It was sunny and almost painfully bright today, but cold and very windy. Easter Sunday’s snow is holding its own in the depths of the woods, but is melting rapidly in those areas that are not protected by shadow. The spring birds seem annoyed and perhaps slightly confused by this sudden blanket of white that hampers their efforts at nest-building. Yet they are determined and, like the snow, have found shelter in the woods and are holding their own.
It was a busy day. Tracy attended classes virtually from the res; Marge posted revised signs on the doors to the house informing passersby that we are temporarily closed; I fixed our postage meter; Fr. Bob continues to take stock of the root vegetables in our cellar, ensuring that the rather-more-abundant-than-we-need-right-now-harvest is either used or gifted in a timely manner. Fr. Bob also had the honor, whilst on his way to collect the newspaper today, of discovering where the icy spots of the driveway are. Fortunately, he came to no harm on the ice, but his encounter with the frozen form of Sister Water did spark a house-wide discussion on the relative merits of plowing the driveway before Wednesday, when Marge must traverse the driveway on her way to a medical appointment.
It was ultimately decided that Brother Sun would probably do the job at least as well as, if not better than, our plow. Besides, we weren’t entirely certain that the truck would start – none of us could remember the last time it was driven, although Tracy and I both have a vague sense that someone may have driven it about a month ago.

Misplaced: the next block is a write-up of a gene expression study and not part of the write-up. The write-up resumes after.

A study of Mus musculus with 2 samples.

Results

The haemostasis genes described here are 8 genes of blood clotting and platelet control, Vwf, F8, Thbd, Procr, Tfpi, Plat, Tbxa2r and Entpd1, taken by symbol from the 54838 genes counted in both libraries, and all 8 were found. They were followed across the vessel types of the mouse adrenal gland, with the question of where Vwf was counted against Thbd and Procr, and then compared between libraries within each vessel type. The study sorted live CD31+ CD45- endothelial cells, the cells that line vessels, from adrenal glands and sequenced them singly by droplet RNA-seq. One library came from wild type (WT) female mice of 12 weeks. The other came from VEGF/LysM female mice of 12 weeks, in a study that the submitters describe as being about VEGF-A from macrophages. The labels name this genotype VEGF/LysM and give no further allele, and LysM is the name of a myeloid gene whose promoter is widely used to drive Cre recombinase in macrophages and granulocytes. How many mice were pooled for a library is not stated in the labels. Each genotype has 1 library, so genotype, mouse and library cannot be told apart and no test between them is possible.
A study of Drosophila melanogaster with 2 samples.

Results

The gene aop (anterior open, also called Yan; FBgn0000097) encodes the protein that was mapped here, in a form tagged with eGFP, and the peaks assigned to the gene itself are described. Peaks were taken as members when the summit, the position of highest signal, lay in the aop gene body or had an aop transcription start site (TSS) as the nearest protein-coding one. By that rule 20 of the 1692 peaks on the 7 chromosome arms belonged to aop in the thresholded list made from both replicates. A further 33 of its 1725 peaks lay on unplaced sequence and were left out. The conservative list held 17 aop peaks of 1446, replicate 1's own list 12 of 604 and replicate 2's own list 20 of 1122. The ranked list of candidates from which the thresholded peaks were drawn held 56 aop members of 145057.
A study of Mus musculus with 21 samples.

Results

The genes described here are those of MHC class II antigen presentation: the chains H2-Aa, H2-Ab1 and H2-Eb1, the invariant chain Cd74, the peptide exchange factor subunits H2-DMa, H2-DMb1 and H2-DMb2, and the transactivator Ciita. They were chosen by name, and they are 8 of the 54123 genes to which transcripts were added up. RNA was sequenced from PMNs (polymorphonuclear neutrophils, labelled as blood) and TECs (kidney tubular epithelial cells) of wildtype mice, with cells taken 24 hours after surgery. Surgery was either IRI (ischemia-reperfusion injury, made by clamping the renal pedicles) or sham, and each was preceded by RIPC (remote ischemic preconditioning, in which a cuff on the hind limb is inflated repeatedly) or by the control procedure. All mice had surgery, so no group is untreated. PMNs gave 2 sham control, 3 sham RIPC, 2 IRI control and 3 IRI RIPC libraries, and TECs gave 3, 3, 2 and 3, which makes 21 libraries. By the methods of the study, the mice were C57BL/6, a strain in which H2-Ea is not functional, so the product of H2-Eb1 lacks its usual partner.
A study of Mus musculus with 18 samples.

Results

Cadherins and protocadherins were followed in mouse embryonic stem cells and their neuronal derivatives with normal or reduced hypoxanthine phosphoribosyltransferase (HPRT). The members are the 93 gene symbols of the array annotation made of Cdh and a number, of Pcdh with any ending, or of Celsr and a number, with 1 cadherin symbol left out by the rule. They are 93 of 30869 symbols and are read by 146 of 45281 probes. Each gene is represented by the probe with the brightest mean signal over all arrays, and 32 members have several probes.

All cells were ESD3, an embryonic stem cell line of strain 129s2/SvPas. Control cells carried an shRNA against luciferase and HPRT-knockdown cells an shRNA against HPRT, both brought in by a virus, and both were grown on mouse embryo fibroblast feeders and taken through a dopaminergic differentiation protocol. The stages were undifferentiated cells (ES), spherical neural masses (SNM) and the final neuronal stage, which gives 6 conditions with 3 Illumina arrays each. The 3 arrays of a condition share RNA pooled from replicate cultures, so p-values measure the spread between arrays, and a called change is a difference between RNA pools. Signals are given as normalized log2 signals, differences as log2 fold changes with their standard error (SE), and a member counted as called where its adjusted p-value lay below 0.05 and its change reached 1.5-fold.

In part to assure myself that we had made the correct decision in choosing not to plow the driveway and in part to get out of the house, I bundled into my snow boots, a coat, gloves, and two scarves (one served in lieu of the hat that I couldn’t find), and clomped southwards down the driveway. Having ascertained that Brother Sun was, indeed, working on the ice at least as well as our plow was likely to work, I turned to the east and entered the woods to check on downed branches. While there, I removed a handful of large-ish sticks from various trails and brushed the snow off the statue of St. Bernadette in the grotto. I ascertained that river and stream are both completely free of ice, with the one flowing gently, the other a bit more hurriedly. While the pond is draining at a steady rate into the fast-moving stream, parts of it are still crusted with a thin sheen of ice. I rounded out my trek through the woods by leaving a bouquet of fallen evergreen boughs and pinecones on Peter’s headstone. I like to visit the cemetery to chat with him every now and then, reminiscing about old times and perhaps asking for a bit of his wise guidance.
Peter, having been born midway through the last pandemic to have thrown the human family out of kilter, is no doubt a good intercessor to help protect and guide us through the days of COVID 19. The more I communed with Peter there in the cemetery, the more reassured I felt, knowing that he is there to anchor us throughout the days ahead in serenity, wisdom, and joy – for surely there is joy always, even in the darkest of times. And as I turned to walk back to the house, I was equally reassured in the knowledge that this house itself was likewise brought into being – and stood strong through – that earlier time of pandemic.
Always still and once again, this house and the community near and far who call it both literal and metaphorical home will hold our own against uncertainty and darkness, remaining steadfast in hope and in joy.